ALSO READCommunity-based therapy may alleviate depression, anxiety Acupuncture can help reduce chronic pain, depression Suffering from depression, chronic pain? Try acupuncture 'Psoriasis likely to recur if patients have anxiety, depression' Patients with chronic pain prefer marijuana over prescribed drugs: Study
A team of researchers has suggested that acceptance and commitment therapy for eight-weeks can significantly reduced the symptoms of depression and anxiety in chronic pain patients.
According to researchers, the therapy, a form of cognitive behavioural therapy (CBT) that focuses on psychological flexibility and behaviour change, provided a significant reduction in self-reported depression and anxiety among patients participating in a pain rehabilitation programme.
This treatment also resulted in significant increases in self-efficacy, activity engagement and pain acceptance.
Lead author Dr.
Noirin Nealon Lennox from Ulster University in Northern Ireland said that to further validate the role of ACT in the treatment of chronic pain, specifically in a rheumatology context, a randomised controlled clinical trial that includes measures of physical and social functioning within a Rheumatology service would be desirable.
ACT is a form of CBT that includes a specific therapeutic process referred to as "psychological flexibility".
ACT focuses on behaviour change consistent with patients' core values rather than targeting symptom reduction alone.
To assess the potential benefits of an eight-week programme of group Acceptance and Commitment Therapy (ACT) in people with persistent pain, measures of pain acceptance and activity engagement were taken using the Chronic Pain Acceptance Questionnaire.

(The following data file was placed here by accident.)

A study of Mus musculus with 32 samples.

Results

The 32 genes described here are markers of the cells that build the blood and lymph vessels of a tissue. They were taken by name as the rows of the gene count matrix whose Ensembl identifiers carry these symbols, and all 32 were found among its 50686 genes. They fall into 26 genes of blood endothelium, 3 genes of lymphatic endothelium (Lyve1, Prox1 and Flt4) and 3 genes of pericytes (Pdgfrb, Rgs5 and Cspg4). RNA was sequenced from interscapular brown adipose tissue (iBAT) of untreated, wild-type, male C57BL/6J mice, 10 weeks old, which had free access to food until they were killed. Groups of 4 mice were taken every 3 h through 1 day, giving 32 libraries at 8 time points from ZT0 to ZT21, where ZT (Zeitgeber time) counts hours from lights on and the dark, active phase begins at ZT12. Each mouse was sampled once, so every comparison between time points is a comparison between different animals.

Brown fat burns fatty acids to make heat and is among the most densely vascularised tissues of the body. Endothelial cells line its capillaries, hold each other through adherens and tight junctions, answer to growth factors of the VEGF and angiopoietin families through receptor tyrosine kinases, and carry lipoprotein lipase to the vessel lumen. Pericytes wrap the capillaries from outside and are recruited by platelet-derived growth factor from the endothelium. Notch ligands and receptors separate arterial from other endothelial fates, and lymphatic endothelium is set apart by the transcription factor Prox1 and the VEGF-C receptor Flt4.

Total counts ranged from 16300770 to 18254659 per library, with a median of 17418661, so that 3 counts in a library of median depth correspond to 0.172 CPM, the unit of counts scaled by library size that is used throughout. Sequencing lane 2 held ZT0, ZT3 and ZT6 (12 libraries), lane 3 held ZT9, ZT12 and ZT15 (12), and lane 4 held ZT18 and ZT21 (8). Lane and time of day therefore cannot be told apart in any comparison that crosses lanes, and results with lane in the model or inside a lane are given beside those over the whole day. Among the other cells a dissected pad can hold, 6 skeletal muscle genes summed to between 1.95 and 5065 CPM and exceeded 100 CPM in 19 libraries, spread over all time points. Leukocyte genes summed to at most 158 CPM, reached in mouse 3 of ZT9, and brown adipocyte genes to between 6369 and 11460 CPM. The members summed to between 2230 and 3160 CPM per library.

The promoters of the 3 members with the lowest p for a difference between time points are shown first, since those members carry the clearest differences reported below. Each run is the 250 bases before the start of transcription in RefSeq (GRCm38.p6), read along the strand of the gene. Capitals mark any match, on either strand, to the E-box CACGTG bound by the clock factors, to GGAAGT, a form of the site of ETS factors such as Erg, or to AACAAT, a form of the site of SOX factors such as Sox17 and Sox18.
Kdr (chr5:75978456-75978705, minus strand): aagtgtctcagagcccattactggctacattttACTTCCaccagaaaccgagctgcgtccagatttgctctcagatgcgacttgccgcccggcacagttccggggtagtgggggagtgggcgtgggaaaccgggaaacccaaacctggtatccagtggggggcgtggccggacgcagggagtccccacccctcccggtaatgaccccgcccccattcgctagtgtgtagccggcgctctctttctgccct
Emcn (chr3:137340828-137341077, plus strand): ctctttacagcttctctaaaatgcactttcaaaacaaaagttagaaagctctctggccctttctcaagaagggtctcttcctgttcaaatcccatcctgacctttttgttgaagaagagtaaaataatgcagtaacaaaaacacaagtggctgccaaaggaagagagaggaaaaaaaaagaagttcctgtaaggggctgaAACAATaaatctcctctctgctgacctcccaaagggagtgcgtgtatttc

The measures of psychological distress using the Hospital Anxiety and Depression Scale and self-efficacy were also taken at assessment, on the final day of the programme, and at the follow up six-month review.
There were statistically significant improvements in all parameters between baseline and at six-months follow-up, including the change in mean score of depression, anxiety, self-efficacy, activity engagement and pain willingness.
In this study, patients were referred into the ACT programme by three consultant rheumatologists over a five-year period. Over one hundred patients' outcome measures were available for a retrospective analysis.
The study was presented at the Annual European Congress of Rheumatology (EULAR) 2017.
(This story has not been edited by Business Standard staff and is auto-generated from a syndicated feed.)